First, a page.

Individuals who acquire lawful permanent residence through marriage are often concerned about their foreign-born children residing abroad. One common misconception is that someone who has a conditional green card must first obtain a permanent green card before filing for one’s children. This is not necessarily true, and in some cases, waiting too long to file can considerably affect how long it takes for a child to immigrate here. While a conditional permanent resident is obligated to file the I-751 to remove the conditions on his/her green card, he/she is nevertheless a permanent resident and accorded all the rights and privileges of a green card holder, including but not limited to working, traveling, and filing for one’s unmarried children. Depending on how old the child is, he/she will fall under preference category F2A (for unmarried children under 21) or F2B (unmarried children 21 or older). Currently, F2A cases are taking approximately 2 years to process, while F2B cases are taking approximately seven to eight years, which is appreciably longer. If a child is nearing twenty, a permanent resident may want to strongly consider filing the I-130 immediately in the hopes of getting the child here before he/she reaches 21.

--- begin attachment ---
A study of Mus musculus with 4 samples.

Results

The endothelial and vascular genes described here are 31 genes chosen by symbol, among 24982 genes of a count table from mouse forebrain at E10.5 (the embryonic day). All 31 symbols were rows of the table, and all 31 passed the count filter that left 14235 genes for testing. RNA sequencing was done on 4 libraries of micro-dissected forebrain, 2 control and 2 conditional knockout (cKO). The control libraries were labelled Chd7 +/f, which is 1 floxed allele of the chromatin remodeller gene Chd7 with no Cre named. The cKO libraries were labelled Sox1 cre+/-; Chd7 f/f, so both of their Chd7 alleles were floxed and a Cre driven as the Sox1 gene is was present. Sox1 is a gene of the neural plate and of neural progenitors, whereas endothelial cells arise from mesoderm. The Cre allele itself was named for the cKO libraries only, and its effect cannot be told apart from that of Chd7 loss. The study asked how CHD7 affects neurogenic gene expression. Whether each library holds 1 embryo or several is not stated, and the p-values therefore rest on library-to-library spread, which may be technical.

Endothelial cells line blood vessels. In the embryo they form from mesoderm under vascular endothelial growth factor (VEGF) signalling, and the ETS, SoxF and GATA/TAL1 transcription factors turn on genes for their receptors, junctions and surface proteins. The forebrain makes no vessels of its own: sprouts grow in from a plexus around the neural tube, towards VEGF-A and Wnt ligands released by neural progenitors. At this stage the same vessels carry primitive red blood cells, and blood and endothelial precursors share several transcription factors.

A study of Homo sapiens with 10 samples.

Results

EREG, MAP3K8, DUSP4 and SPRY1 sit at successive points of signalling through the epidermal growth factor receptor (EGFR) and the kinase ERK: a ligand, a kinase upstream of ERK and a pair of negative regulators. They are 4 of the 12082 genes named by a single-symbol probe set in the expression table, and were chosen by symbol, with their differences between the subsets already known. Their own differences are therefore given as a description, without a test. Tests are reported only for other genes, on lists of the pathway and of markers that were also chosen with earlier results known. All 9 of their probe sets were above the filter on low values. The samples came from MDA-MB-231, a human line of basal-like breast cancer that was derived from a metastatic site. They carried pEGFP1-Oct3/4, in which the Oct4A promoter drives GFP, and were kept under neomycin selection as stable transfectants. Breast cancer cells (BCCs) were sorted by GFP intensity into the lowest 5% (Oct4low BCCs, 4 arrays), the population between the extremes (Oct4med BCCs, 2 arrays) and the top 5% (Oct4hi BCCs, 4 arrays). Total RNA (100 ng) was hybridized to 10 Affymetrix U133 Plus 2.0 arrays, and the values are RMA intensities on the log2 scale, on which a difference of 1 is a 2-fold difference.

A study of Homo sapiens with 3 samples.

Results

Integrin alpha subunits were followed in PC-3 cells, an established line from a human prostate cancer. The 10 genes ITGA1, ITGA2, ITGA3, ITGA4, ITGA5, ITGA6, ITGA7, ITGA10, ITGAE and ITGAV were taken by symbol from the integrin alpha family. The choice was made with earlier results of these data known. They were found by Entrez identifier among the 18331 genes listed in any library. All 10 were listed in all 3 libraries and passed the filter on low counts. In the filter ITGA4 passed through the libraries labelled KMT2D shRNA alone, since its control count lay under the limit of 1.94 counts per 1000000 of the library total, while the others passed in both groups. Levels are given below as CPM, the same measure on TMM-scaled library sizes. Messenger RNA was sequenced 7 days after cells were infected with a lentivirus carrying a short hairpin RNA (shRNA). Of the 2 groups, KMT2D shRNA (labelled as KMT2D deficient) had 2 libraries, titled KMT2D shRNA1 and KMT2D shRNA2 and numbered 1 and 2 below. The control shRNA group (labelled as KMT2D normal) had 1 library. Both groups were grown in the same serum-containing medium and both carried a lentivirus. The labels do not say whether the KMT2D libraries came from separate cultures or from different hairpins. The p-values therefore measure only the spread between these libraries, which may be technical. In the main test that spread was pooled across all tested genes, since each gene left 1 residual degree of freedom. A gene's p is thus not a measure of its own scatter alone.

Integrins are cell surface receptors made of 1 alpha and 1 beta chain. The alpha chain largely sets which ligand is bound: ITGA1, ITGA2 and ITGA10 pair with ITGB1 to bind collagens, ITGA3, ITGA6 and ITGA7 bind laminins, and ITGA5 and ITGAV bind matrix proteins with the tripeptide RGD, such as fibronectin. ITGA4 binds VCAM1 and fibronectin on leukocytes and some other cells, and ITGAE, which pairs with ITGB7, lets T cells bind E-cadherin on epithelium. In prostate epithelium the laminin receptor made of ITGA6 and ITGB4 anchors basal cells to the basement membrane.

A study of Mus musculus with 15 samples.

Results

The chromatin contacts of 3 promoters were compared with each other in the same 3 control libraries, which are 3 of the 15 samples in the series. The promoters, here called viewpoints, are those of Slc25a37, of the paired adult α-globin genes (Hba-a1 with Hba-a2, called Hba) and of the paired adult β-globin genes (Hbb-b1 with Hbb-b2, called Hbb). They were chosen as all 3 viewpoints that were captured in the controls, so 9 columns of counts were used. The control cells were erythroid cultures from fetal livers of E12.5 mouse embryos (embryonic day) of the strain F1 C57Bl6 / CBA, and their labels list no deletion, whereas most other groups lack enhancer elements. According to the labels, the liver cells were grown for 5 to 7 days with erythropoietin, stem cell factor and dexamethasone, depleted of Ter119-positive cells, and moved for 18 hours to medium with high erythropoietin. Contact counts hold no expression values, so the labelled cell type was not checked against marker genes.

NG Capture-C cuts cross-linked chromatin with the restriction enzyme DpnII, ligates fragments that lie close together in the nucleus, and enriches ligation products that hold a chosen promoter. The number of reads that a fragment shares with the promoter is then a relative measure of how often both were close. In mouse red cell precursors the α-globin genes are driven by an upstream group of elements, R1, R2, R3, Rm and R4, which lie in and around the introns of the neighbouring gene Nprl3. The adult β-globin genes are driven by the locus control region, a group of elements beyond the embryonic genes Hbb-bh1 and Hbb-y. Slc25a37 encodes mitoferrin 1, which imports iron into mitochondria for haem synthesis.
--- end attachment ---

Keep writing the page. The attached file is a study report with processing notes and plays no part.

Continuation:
Another option is to consider whether the US spouse is willing to file for the child. Under the immigration law, a US citizen can petition for his/her stepchild provided the stepparent-stepchild relationship is legally established before the child turns 18 (in other words, the parents have to marry before the child turns 18.) If a US Citizen files for the child before the child turns 21, there are two benefits that do not apply if a green card holder files. Firstly, the child falls under the Immediate Relative category, which is not subject to numerical quotas. Secondly, the child’s age freezes under the Child Status Protection Act (“CSPA”) once the I-130 files. Therefore, even if the child turns 21 or older by the time the case comes up for processing, he/she will not be relegated to a different category, ie., F-1 unmarried children (21 years or older) of US Citizens, which takes much longer.
These are just some concerns that green card holders must confront when planning to file for their children abroad. There are other topics as well that affect a case, such as the legitimacy of the child (was he/she born in wedlock?) as well as whether the other biological parent consents to the child immigrating.
For more information on how to petition for your foreign-born child, please contact our office. We have been handling these types of cases for more than twenty years.